Review: A Christmas Carol at Pacific Theatre
Pacific Theatre’s A Christmas Carol is a thoroughly heartwarming, touching, and endlessly inventive staging of Charles Dickens’ allegorical classic. Putting storytelling first, this one-man production takes the much-interpreted tale and returns it to a very human and special place.
In a clever turn, the setting for the work is borrowed from another of Dickens’ novels – The Old Curiousity Shop. The stage is a cosy, cluttered Victorian store, with overflowing shelves, stacked detritus, and dolls hanging from the ceilings. The action begins as an old man (this one-man show is played by the talented Ron Reed, adapter of the work and Artistic Director of Pacific Theatre) and young woman (played by fiddler Kathleen Nisbet) close the shop for the evening. Once everything is set away, the woman plays the first few bars of The Holly and the Ivy on fiddle, while the old man cracks a book and utters that most wonderful of opening sentences, “Marley was dead to begin with…”
The “storytelling” set-up is really only a way to launch ourselves into the tale, as the book is quickly out of actor Ron Reed’s hands and he begins to embody Dickens’ tremendous cast of characters.
Reed’s performance is mercurial, quick witted, and deeply empathetic. When he grunts Scrooge’s dismissive “Bah! Humbug!” he radiates frostiness and hostility; when morning comes and he is a redeemed man, his giddiness and joy are positively infectious. Where Reed truly identifies himself as a master of his craft, however, is in his rapid transitions between various characters and exposition.
Without resorting to over-the-top physical affectations, accents, or similar impersonations, Reed is able to convey a broad cast of characters through command of nuance and clarity of intention. His skill is such that he can carry on conversations between three or more characters, with the audience following who is speaking through subtle shifts in posture and intonation alone.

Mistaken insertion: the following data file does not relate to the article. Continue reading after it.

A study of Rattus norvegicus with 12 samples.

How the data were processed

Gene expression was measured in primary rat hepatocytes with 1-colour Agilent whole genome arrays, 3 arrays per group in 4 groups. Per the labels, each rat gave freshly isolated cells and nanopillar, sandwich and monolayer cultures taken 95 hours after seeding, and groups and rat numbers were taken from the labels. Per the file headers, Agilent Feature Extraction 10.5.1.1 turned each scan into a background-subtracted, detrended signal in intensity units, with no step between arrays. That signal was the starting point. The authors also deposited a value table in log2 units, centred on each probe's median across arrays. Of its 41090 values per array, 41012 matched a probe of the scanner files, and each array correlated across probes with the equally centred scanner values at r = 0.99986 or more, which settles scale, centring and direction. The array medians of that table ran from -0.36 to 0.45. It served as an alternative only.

The ‘Curiousity Shop’ framing is an excellent choice on Director Sarah Rodger’s part, as it is tremendously helpful in allowing Reed to seamlessly flit between exposition and character dialogue. The shop’s wares are used in increasingly creative manners to convey the story’s many locations, characters, and events. The requisite chains, ledgers, and bells are instantly pulled off and out of the walls, a paper mache mask becomes the ghost of Marley, and top hats and bonnets form bustling crowds. Scrooge and a ghost even soar over London as tiny figurines are borne in the performers’ hands. The use of props does not only add a layer of texture to the story’s telling, but becomes an entertainment unto itself, as the audience anticipates the next wonder to emerge from the shop’s stock.
The production is described as a ‘one-man show’ and while Reed does indeed do (almost) all of the speaking, the description does some disservice to fiddler Kathleen Nisbet. The bright-eyed performer spends the entirety of the piece on stage and plays an active role in its telling. She is a remarkably talented musician, possesses a beautiful singing voice, and is a perfect foil for Reed, as she facilitates and plays along with his whirlwind story telling.
Of all the festive stories we return to at this time of year, Charles Dickens’ A Christmas Carol must surely be the best. It is a secular tale assuring us that even the coldest, cruelest person is capable of change, and celebrates the remarkable good we can achieve in our lifetimes. Pacific Theatre does great honour to Dickens’ beautiful, humanist message through this imaginative and wondrously entertaining production.
A Christmas Carol runs at Pacific Theatre until December 31. Click here to purchase tickets.